Can a Church Get an SBA Loan?
Yes, churches can now (temporarily) receive Small Business Administration (SBA) loans, regardless of whether they provide secular social services. This has become more of an issue in 2020 as churches have pursued PPP loans (Paycheck Protection Program) and EIDL loans (Economic Injury Disaster Loans). Churches are eligible for both of these loan programs. This is different from past SBA loans, in which faith-based organizations were legally barred from receiving standard SBA loans. There has been much legal discussion about this, and arguing on both sides of the issue, but the law for PPP and EIDL loans as it is written says that although religious organizations typically cannot receive small business loans, the SBA would “decline to enforce those subsections” in regards to COVID relief.
To apply for a PPP loan or an EIDL loan, a church needs to go through the same processes that a for-profit business would, and the terms will be the same. The PPP and EIDL loans programs are neutral in regards to whether the non-profits they fund are secular or religious.
How Much Collateral is Needed for an SBA Loan?
Do SBA loans require collateral? The answer is generally yes. Loans secured by the SBA want to minimize risk and often the borrower is asked to offer collateral to cover the cost of the loan. This is standard for SBA 7(a) loans greater than $350,000, in which lenders want to receive as much collateral as possible.
For SBA 7(a) loans ranging from $25,000 to $350,000, lenders follow the same procedures that they’ve laid out for non-SBA commercial loans. The lender takes a lien on the borrower’s fixed assets, including real estate. Loans below $25,000 typically don’t require collateral.
For loans that require collateral, an appraiser will value the assets you’re pledging to secure the loan. This appraiser is hired by your lender. The lender then discounts the appraised value of the assets based on their policies. For example, real estate collateral is discounted 80%. The reason for the discount is because, in the event the lender must seize the collateral and sell it, they will generally be selling it for less than market value (because they’ll be selling it on short notice to recoup their funds).
While collateral in business often includes things like inventory, machinery and equipment, and accounts receivable, a non-profit church typically doesn’t have these things, and their collateral is almost always tied to real estate and possibly vehicles. Investments can also be collateral, if a church has such.
Loan to Value Ratio
Loan to Value Ratio (LTV) refers to the total loan amount and how that compares with the collateral that secures the loan. The higher the LTV, the riskier the loan is for the lender. A lender generally wants the LTV to be 80% or less. The lower the LTV, the lower your interest rate will be.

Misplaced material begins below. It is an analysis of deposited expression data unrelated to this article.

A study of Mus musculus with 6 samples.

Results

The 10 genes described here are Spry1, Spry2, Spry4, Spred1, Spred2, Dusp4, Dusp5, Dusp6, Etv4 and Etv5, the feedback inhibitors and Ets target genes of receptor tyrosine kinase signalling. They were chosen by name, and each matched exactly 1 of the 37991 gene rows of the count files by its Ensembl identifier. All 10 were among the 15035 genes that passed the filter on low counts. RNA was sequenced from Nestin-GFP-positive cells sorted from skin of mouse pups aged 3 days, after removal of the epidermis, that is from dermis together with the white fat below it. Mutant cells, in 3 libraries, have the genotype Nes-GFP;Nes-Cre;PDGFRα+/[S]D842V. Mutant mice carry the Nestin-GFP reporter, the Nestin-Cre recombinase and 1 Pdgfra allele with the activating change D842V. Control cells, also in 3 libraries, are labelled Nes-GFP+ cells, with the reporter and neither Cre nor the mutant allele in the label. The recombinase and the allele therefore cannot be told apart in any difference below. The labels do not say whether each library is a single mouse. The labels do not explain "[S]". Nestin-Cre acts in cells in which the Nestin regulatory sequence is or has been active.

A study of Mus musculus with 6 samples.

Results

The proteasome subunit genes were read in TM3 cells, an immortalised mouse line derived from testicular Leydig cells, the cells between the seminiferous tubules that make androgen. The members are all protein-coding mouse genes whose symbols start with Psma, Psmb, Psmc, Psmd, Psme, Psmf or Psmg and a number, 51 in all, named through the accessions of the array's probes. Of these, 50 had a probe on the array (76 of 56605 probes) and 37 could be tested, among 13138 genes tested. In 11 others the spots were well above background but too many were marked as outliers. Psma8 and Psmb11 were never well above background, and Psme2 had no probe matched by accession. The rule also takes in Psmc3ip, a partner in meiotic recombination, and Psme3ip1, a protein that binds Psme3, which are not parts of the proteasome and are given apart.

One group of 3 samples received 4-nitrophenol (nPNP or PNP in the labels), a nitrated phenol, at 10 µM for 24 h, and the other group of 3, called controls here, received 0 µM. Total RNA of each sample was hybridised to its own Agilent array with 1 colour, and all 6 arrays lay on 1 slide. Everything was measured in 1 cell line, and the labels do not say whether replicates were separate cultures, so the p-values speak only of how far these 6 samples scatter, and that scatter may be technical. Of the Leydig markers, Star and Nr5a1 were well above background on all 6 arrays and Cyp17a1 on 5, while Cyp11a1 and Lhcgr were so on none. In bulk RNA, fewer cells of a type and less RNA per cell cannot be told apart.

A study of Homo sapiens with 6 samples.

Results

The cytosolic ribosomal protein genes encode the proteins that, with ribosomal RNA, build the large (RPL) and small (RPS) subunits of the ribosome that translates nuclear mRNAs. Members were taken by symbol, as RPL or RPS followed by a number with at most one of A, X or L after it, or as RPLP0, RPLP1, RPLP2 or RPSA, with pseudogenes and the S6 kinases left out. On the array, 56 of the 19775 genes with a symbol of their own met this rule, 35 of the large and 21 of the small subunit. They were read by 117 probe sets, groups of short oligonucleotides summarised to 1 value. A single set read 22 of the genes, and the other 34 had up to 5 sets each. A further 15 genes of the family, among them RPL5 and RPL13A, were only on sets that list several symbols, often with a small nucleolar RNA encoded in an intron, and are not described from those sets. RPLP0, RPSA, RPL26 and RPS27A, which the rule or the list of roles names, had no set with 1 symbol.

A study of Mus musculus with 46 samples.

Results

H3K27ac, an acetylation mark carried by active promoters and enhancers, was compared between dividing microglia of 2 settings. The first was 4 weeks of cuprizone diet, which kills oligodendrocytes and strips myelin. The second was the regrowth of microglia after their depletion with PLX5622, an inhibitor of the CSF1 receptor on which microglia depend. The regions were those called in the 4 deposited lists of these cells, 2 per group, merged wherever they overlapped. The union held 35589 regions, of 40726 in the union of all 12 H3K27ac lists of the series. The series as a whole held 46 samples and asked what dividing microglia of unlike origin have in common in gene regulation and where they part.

How Much of a Down Payment Do I Need for an SBA Loan?
The Small Business Administration has mandated a minimum of 10% down on all SBA loans. However, as SBA loans are run through private lenders not through the SBA itself, the lender will typically require an additional down payment on top of that 10%. Also SBA 7(a) loans require 15% for startups or businesses that need funding for mergers or acquisitions.
SBA 504 Loans
An SBA 504 loan, which is eligible for real estate purchases, is designed to give the owner as much cash on hand as possible. These loans are typically funded with 50% of the money coming from the lender, 40% from an SBA-approved Certified Development Agency (a nonprofit group that supports economic activity with loans) and 10% comes from the borrower.
All of this is flexible. For a company that has been functioning for less than two years, this amount may be 15%, and if the loan amount is high, the down payment may be 20% or more.
What is the Maximum SBA Loan for a Church?
The Paycheck Protection Program loans are available to nonprofits and churches under certain circumstances. These loans do not require any fee or collateral.
To be eligible you must:
Be in operation on Feb 15, 2020
Be a small business or a 501(c)(3)
Have fewer than 500 employees
The amount of the loan is 250% of the applicants average payroll prior to obtaining the loan, calculated in the 12 months prior to receiving the loan. Loans are capped at $10,000,000 (which is up from a previous SBA cap of $350,000).
Interest rates are capped at 4%, and the maximum repayment period is 10 years.
EIDL loans, unlike the PPP loans, are made directly from the SBA. The maximum loan size is $2,000,000. Applicants can apply for an emergency request of an advance of $10,000, which will be distributed in 3 days. Applicants are not required to repay this advance, even if they are denied the EIDL.
A personal guarantee is required for loans greater than $200,000.